You Are What You Eat: Mushrooms
Listen to the full episode of my Newstalk show here and learn all about mushrooms! And if you feel inspired, why not try my Wild Mushroom, Kale &. Gouda Tart or Creamy Mushroom Soup?
Mushrooms are the fleshy, spore-bearing fruiting body of a fungus, so let’s pretend we are mycologists and delve deep into the fungi kingdom!
So where to begin … let’s start with the basics of mushrooms – is it a plant, a fruit, or a vegetable?
Well, technically, it is none of those … it has its very own classification – it comes from the fungi kingdom. The fungi kingdom includes moulds, yeast, mildew, rusts and smuts (a fungal disease of cereals in which parts of the ear change to black powder).
Mushrooms Are The Fruit of a Fungus – this means they are the fruiting bodies or reproductive structures of a much larger underground fungus. Like an apple is the fruit of a much larger fruit tree, the mushrooms you see are the tip of the iceberg and usually only represent about 5% of the fungus.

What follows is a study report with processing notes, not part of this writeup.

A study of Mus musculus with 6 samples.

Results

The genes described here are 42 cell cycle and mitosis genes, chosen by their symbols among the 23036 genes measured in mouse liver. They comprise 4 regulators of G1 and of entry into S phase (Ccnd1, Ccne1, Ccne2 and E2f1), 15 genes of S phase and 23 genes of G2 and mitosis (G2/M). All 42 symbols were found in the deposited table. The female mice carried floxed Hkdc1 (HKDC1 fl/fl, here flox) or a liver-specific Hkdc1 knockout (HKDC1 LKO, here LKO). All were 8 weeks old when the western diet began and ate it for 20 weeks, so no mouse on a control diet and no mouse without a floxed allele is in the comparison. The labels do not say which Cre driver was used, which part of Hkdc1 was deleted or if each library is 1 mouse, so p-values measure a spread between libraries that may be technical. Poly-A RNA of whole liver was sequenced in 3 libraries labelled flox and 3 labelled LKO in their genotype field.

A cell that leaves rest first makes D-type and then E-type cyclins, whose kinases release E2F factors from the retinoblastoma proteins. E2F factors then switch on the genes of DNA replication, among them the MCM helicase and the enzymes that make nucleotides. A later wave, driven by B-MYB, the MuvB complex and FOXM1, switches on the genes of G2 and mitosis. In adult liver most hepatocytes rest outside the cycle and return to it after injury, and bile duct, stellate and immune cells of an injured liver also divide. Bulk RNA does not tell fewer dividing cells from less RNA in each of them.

Fungi Are The Largest Life Forms on Earth
Fungal mycelium can grow and expand for miles under the ground as they go in search of food.
The largest living organism on the planet is a single honey mushroom (Armillaria ostoyae) in the Malheur National Forest, Oregon, USA.
It’s around 3.5 miles (5.6 km ) wide, occupies an area of 965 hectares (2,385 acres), and is at least 2,400 years old. But could be much older. It also holds the record for being the world’s largest fungus.
Fungi Are Genetically Closer to Humans Than Plants
In the past, scientists considered fungi to be plants, but now we know better. Discoveries show that fungi are more closely related to animals, including humans, than to plants.
Here are some of the things that make fungi more like animals:
- They absorb nutrients from organic matter, unlike plants that produce their food through photosynthesis.
- Fungi have a fibrous substance called chitin in their cell walls, the same as animals. Plants do not.
- Like us, fungi need food, water and oxygen to survive. They use their hyphae to absorb nutrients, water, and oxygen from their surroundings and expel waste products and CO2.